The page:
I spent Thanksgiving in Austin, Texas with a family that celebrates. Now, this is different for me. I grew up recognizing Thanksgiving as a day of communal mourning– understanding the holiday to represent a time for reflection on the sacrifice of our Native ancestors and on the continued and unspoken suffering of Native elders, brothers and sisters across the Americas, and in the United States in particular. But this Thanksgiving was different. This Thanksgiving had an undertone of joy. More on that another time.
The interesting part is what I’m here to talk about. I landed after a long working day and a three-hour flight to take a car to a bar with black walls.
I found myself seated at a crowded, sticky pub table littered with drinks. The faces surrounding me all grinned with familiarity and sipped at amber beverages while they conversed over various topics I couldn’t discern over the trilling music. On the stage, in front of the background of shimmering crepe paper, was this baby-faced young man. He sat with an odd grin as he hugged over the microphone, his curly red hair bouncing as he played his keyboard, eyeing his drummer, bassist and the new guitar player he was clearly unfamiliar with. His fingers plunked a tune born of jazz and broadway’s illicit love affair but wrapped in swaddling of blues and rock and roll. He called himself a soul band, but his drummer was an old school rock head and his guitarist played bluegrass like it ran through his veins. The style peaked its head through at various points and reminded me of New Orleans, where genres mixed like flavors in stew and big bands pulled together sounds from all over the world. Once during the set, this young person was bold enough to invite two fiddlers on stage with him while his father played clarinet in a tone reminiscent of a crooner.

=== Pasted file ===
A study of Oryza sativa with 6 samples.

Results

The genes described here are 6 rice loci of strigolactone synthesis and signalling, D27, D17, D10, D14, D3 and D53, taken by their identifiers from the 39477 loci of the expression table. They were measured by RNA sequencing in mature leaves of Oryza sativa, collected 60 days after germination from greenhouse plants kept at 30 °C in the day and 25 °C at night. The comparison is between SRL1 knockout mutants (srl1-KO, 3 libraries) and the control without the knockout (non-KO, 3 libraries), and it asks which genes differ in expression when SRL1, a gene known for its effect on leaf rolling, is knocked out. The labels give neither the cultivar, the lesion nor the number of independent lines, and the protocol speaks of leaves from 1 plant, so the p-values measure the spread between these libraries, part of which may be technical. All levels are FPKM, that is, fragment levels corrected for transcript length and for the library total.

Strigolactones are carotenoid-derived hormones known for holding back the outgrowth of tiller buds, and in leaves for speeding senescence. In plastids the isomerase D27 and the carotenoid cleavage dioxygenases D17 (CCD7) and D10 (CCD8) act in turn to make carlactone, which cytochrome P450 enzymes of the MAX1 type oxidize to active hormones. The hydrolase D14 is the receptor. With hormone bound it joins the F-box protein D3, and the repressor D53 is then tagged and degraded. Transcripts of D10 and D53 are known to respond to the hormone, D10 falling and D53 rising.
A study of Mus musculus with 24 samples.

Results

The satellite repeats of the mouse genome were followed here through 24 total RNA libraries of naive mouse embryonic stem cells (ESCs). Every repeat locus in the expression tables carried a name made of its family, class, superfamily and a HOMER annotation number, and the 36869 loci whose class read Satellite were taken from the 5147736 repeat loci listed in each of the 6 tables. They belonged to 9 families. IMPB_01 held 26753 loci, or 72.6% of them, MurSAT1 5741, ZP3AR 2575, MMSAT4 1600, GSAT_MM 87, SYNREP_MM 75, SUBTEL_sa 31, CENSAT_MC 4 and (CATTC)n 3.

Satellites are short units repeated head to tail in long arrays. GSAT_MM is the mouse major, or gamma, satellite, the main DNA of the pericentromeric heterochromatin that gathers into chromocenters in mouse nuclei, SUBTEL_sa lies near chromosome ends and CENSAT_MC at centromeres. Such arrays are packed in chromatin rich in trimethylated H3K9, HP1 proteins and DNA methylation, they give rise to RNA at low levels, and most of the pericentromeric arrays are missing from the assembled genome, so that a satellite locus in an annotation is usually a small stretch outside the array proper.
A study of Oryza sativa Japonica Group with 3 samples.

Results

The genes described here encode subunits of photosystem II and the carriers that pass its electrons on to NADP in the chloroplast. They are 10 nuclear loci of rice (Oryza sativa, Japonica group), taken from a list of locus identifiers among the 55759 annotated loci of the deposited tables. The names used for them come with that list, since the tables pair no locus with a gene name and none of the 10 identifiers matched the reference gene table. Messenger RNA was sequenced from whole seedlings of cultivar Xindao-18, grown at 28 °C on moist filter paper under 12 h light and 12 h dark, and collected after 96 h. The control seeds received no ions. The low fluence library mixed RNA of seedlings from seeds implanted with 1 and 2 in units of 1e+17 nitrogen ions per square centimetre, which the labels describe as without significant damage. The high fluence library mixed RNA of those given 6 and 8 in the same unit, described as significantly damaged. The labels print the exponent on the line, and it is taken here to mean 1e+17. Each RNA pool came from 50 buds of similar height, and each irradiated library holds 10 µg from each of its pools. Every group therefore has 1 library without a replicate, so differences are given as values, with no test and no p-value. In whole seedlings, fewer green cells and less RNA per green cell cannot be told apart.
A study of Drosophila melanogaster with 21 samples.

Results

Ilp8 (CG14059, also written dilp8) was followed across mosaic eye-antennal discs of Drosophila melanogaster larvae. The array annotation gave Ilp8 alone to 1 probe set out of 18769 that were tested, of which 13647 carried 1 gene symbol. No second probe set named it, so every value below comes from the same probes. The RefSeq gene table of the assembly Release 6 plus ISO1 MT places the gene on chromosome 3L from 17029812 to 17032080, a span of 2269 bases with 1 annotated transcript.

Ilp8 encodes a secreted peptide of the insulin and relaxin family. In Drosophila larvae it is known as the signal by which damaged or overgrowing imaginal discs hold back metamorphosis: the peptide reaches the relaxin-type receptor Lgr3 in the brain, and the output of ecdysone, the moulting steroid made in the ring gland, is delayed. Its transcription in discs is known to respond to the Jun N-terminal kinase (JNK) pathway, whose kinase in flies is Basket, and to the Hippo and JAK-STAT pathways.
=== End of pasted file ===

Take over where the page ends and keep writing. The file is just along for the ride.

When I tell you I fell in love with the sound, I can’t begin to explain to you how I wished I could introduce them to one of those hood-kids I grew up hanging out with that had a passion for his beat machine and a little too much after-school time. This one, though– the one making the sound– he had quiet power, a voice that begged for falsetto, and still could belt with the best of them. His emotion was real. Micah had soul to him in this intriguing kind of way. He was this Dare To Be True kid that hits you in the face, refreshing and cool. He is more than a motto. So when he lets his music head show, it meets my neo-soul in the quiet bits, and I’m reminded of what it means to suffer in the rhythm. I bah-doop with his jam. And with his truth, I’m reminded of what it is to funnel your truth into the dissonance, and frankly, no matter how you play your blue note– whether it’s staccato or legato, mercato or tenudo– remember that it is what made you different in a sea of country headliners. It made your audience bop.
Check out Micah’s band, Motenko, on their website.